March Through Time: Moby Grape

I’m not alone in my belief that Moby Grape was the Great Lost ‘60s Rock Band. For myriad reasons both internal and external, the group never capitalized on its staggering breadth of talent. But – a certain former manager be damned – when we can find them, we have the albums. Even the least of these records is well worth seeking out.

  • Moby Grape (1967) – The debut showcased an embarrassment of riches: a band stuffed with musicians who could sing lead, write and play like mad. If CSN&Y had rocked hard, they might have held a candle to Moby Grape. The legendary hype threatened to overshadow the record’s greatness.

  • Wow/Grape Jam (1968) – A double album at this point was a misfire, as Grape Jam is as unfocused as, say, the third LP in George Harrison’s All Things Must Pass set. But Wow has more than its share of great songs.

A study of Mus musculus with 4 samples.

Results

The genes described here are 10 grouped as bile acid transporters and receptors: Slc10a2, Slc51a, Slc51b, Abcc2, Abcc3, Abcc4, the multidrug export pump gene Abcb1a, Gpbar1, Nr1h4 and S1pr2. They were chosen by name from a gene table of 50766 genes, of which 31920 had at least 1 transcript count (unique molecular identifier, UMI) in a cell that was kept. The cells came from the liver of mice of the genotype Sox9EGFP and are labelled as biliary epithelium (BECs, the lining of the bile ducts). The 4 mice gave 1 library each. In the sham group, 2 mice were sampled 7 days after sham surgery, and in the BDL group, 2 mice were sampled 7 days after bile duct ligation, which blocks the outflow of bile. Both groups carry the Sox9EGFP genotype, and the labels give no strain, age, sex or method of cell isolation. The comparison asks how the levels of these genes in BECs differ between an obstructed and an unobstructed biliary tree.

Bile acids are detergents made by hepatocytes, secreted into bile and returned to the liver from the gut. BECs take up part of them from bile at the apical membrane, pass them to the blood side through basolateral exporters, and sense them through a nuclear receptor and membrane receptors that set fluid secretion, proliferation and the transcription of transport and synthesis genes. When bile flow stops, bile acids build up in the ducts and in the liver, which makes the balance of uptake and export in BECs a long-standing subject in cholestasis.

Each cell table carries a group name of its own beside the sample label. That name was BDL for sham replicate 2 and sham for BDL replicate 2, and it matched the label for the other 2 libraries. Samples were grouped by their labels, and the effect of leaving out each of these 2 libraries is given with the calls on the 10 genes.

• Moby Grape ’69 (1969) – The band was flailing by this point, but the best moments on this record could easily convince you otherwise.

  • Truly Fine Citizen (1969) – Yes, this record leans in more of a countrified direction, but it till has flashes of the early lineup’s brilliance.

  • 20 Granite Creek (1971) – Effectively a reunion project (there would be many of these), 20 Granite Creek is a more modest outing. Subtle in character, it’s nonetheless an undiscovered gem.

Special notice goes to a 1993 2CD compilation called The Very Best of Moby Grape: Vintage. If CDs are your thing, this now hard-to-find set is essential, and that’s understating the case. It includes the entirety of the debut plus essential tracks from the band’s Columbia era.